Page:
We went exploring downtown Beirut and the fancy new Beirut Souks mall. There are dozens of high rise buildings coming up in the area, pieds-a-terre perhaps for overseas Lebanese who visit for part of the year and for well to do Gulf people who come for fun and whatever they can’t find in their own countries (greenery, mountains and alcohol come to mind).
The “Souks” are built on the pre-war site of a proper souk (market), which carried vegetables and that sort of thing and was frequented by regular folks of all classes. Now it is more than 200 small, upscale stores, designer names of Europe and the US, fashion from across the globe. A 13th century Mamluk shrine has been preserved and sits oddly to one side in a plaza area, as have ruins of Byzantine shops, and remnants of a medieval city wall (one wonders how much was not preserved and lies underneath the new construction). Another section is in the works that will house 14 cinemas and a department store. Wow.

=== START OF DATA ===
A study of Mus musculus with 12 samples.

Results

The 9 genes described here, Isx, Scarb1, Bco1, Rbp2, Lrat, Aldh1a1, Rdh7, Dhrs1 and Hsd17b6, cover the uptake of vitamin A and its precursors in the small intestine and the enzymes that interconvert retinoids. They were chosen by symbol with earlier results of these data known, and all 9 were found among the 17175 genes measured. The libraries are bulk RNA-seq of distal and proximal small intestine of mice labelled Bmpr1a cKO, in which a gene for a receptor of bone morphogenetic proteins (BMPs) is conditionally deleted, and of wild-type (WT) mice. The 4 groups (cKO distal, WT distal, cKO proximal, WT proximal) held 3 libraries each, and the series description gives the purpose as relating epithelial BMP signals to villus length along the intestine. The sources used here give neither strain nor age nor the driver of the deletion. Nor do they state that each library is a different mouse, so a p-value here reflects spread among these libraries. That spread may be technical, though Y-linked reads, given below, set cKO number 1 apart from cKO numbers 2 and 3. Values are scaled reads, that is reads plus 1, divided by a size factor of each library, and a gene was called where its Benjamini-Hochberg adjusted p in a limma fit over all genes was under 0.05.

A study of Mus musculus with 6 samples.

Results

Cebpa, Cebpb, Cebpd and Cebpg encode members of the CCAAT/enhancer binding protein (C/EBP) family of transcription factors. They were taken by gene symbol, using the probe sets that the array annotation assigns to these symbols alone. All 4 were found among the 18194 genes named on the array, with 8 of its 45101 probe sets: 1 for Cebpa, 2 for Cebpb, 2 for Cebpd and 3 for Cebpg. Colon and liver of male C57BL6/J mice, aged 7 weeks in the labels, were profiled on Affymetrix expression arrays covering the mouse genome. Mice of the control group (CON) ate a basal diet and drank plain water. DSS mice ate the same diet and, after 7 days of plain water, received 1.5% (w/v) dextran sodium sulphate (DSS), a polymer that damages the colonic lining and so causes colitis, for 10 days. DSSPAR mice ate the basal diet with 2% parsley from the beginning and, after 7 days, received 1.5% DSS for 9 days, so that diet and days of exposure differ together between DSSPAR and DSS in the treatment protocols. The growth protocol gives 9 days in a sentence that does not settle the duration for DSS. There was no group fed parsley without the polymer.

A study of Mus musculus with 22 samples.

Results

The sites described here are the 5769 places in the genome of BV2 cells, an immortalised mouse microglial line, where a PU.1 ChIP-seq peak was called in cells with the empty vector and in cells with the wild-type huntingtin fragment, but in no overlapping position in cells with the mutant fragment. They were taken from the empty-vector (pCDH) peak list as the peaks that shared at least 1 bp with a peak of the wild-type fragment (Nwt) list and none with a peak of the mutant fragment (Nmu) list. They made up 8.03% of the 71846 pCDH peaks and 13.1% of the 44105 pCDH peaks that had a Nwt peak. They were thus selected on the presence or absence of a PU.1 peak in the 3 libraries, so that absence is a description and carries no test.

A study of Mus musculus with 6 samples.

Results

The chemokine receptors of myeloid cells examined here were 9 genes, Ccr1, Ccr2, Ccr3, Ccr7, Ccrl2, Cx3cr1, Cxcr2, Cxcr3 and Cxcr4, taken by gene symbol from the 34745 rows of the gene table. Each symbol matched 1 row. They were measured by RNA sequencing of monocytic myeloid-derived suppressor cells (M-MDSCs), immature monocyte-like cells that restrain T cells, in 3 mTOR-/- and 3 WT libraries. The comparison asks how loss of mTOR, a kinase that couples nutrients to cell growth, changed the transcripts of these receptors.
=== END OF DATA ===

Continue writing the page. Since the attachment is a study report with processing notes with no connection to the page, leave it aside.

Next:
A grocery store there, the Signature Store of a Kuwaiti-owned chain with multiple branches in Beirut, is filled with an eye-popping array of imported goods that include fresh frog legs and lobster swimming (well, alive) in tanks. There is a nail bar in the store (perhaps the lobster claw damaged your manicure?) and an eat-in sushi bar complete with conveyer belt. The produce section carries Italian salad mix, colorful hot peppers from Holland (Holland?), Belgian salsify, Thai longan, and Chilean blueberries, to name a few. Care for Ball Park franks (at $10), Breyer’s ice cream ($12), perhaps one of eight varieties or artisanal salt, Dutch sauerkraut, gourmet popcorn ($6), eggnog flavor hot chocolate mix? Or the frozen Maine lobster in case you didn’t want the fresh, for $20 for a pound, or perhaps you prefer the Scottish for $16.
Other items don’t surprise because we see them widely here, e.g. Brazilian beef, Danish butter, an array of French cheeses.
This is Beirut.
The store is less than 20 minutes’ walk, so we may be back.